A combination of efficient light sources, daylight and solar generation is the key to a radical building. Pennie Varvarides reports

SMA Solar Technology’s new training centre at Niestetal in Germany is harnessing the power of sunlight to minimise energy consumption.

The owners wanted to create a motivating atmosphere for trainees, and the lighting design by Lichtvision was designed to support this goal, maximising the use of solar power.

The emphasis on solar power is no surprise, given that SMA produces and distributes solar inverters and monitoring systems for photovoltaic (PV) applications.

Isabel Sternkopf, a senior associate at Lichtvision, says: ‘Solar inverters are technologically the most important components in any solar power system because they transform the direct current produced by solar modules into grid-compliant alternating current.

‘A convincing way to demonstrate the practicability and sustainability of solar technology is to design a public building independent of any power distribution grid, showing at the same time that a comfortable atmosphere, without giving up any conveniences, can be achieved easily.’

Power portions

There are PV modules on the roof and in the glass façade. Surplus power from the PV modules is storedin high-capacity batteries.

The building consumes 130MWh of energy a year and the input from the PV modules is 142MWh. Another 55MWh comes from a biogas-fuelled combined heat and power (CHP) plant.

Sternkopf says: ‘The battery will never be fully emptied. If the battery’s state of charge reaches a critical point, the biogas-fuelled CHP plant will start producing extra electricity.

‘As soon as surplus power from solar modules is available the batteries start recharging.’

A green LED display at the entrance shows the building’s energy consumption or the solar gain.

The status of the Solar Academy’s energy systems is also indicated by the colour of the corridor washlights, which changes with the battery’s charge – green when high and red when low.

By showing visitors how much energy is being collected and used throughout the day, the building raises visitors’ awareness of the importance of saving energy.

An LED display shows the solar gain or the building's energy consumption

Sternkopf says: ‘Theoretically, [a full battery would last] five hours under full-load operation. In practice there would never be a situation of full load, because the lighting and all other electricity-consuming devices are controlled as required depending on thetime of day.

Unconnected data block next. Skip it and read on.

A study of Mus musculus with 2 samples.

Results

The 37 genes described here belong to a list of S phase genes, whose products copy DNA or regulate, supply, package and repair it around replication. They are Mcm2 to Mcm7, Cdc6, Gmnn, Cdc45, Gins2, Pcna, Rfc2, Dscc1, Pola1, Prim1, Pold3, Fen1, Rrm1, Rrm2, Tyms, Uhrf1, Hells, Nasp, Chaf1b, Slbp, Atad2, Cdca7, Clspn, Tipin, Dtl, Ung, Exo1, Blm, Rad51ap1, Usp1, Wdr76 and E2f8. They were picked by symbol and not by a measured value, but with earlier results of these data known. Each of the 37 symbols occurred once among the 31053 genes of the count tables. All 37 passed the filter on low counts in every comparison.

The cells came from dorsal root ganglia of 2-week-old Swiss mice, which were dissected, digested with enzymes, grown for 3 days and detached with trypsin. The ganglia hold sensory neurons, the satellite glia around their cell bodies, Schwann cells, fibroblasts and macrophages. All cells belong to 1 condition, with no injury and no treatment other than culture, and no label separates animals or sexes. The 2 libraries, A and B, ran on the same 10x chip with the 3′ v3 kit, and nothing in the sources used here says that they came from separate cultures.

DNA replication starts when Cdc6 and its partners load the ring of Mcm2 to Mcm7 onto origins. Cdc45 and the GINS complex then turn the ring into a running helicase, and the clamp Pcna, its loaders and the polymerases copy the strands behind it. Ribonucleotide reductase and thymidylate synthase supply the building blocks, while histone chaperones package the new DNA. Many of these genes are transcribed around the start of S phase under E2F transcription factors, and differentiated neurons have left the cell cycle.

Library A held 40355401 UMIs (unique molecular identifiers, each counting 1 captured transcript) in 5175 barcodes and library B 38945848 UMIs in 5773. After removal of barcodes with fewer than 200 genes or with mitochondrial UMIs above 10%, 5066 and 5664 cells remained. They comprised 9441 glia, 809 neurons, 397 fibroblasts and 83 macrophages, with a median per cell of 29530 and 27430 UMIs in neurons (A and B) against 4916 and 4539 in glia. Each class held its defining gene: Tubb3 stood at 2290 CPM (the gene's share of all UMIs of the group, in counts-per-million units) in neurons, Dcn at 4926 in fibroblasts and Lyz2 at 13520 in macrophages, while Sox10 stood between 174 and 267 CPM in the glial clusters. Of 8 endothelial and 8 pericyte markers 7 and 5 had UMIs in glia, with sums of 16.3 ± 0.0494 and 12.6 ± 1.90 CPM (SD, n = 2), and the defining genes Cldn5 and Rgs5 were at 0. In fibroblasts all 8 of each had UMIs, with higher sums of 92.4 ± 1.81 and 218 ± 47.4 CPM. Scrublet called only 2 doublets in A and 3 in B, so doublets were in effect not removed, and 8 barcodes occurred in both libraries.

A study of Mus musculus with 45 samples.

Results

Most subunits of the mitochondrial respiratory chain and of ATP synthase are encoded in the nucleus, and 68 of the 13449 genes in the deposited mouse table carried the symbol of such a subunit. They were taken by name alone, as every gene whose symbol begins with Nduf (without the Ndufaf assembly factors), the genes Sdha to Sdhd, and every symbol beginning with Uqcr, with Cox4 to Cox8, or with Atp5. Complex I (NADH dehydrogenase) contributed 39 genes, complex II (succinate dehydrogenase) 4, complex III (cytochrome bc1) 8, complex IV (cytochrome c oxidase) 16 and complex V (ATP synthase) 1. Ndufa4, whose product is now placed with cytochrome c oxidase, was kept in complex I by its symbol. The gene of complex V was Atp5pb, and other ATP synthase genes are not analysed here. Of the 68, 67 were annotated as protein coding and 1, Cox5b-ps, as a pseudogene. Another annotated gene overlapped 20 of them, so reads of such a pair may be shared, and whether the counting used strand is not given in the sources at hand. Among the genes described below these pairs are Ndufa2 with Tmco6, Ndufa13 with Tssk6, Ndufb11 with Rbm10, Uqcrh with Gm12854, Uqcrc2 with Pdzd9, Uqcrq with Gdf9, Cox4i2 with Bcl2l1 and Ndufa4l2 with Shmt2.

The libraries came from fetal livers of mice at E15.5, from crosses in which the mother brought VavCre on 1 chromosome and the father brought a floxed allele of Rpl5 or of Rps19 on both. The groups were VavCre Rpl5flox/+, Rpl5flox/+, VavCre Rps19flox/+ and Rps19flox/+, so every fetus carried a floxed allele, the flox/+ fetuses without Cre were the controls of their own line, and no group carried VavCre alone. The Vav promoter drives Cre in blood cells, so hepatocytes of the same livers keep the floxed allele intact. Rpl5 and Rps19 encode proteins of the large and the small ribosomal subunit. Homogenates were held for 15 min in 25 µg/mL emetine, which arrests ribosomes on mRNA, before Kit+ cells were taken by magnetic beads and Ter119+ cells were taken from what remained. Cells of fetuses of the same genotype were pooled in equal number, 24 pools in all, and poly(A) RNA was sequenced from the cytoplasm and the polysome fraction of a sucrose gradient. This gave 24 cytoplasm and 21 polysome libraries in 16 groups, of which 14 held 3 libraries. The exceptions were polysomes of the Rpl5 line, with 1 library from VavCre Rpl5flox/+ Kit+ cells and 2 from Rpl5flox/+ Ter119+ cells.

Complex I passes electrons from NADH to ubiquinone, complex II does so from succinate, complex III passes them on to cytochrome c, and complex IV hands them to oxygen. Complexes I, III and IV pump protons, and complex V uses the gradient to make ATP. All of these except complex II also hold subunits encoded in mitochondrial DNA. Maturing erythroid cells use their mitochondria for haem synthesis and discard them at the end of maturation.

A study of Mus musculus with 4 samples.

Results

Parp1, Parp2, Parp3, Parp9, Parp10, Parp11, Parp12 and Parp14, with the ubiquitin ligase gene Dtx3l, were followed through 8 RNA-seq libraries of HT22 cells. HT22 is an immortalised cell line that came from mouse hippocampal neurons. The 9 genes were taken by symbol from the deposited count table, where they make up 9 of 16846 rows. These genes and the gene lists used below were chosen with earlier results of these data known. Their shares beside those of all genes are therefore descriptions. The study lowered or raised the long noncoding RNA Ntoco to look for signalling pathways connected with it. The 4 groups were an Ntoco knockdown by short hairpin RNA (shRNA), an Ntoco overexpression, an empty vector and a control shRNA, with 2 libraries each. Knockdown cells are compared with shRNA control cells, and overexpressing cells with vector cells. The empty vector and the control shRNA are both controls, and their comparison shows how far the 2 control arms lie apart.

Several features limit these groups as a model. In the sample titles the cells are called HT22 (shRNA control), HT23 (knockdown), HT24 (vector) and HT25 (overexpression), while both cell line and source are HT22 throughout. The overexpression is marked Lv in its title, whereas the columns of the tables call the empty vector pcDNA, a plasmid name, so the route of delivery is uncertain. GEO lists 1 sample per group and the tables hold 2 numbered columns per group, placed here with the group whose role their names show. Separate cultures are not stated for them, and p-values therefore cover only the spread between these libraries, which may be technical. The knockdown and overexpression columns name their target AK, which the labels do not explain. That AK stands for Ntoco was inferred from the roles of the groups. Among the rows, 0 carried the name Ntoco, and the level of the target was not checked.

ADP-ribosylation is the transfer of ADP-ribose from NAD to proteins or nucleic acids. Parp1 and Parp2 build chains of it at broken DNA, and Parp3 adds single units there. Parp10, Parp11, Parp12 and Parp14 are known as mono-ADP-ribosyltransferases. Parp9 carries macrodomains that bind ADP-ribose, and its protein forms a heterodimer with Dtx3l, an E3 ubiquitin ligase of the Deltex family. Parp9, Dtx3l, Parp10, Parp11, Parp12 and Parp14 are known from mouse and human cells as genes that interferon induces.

‘There has been a focus on energy saving with the help of intelligent control systems.’

The CHP plant produces heat and supplementary electricity when the PV modules do not supply enough power. During the winter months, when sunlight is limited, the building operates as normal.

Sternkopf says: ‘The CHP plant is only used when solar gain is not suf cient and the battery’s charge is too low.’

On the demand side, dimmable T5 fluorescents and extensive use of daylight cut energy consumption and heat generation.

A  first floor lounge is illuminated by recessed downlights. In nearby corridors, lighting is built into the architecture, so the ceiling is clear of lighting equipment clutter. Light from LED sources is controlled by lenses.

Dimmable ceiling-recessed linear fluorescent profiles echo the rhythmic pattern in the entrance zone

Guided by the light

On entering the building, visitors are guided to the staircase by a rhythmic pattern of luminaires and increased illumination on the  oor. The reception area is lit by dimmable ceiling-recessed linear fluorescent pro les in the same pattern as in the entrance zone.

The canopied space is lit by LED spots built into the ceiling. It can be used as a temporary event area.

Lichtvision avoided the use of uplights and indirect lighting to reduce wasted energy and light pollution in the surrounding areas.

Construction work started on the project in May 2009 and it was completed in August 2010. Of the £6million budget, £104,000 was spent on developing the lighting – less than 2 per cent of the total.

Sternkopf says: ‘To be honest, at the beginning I was sceptical about whether it would be possible to design a public building without access to any power distribution grid. The client was very open minded and allowed us to implement unusual solutions. The building works very well and the client is satisfied.’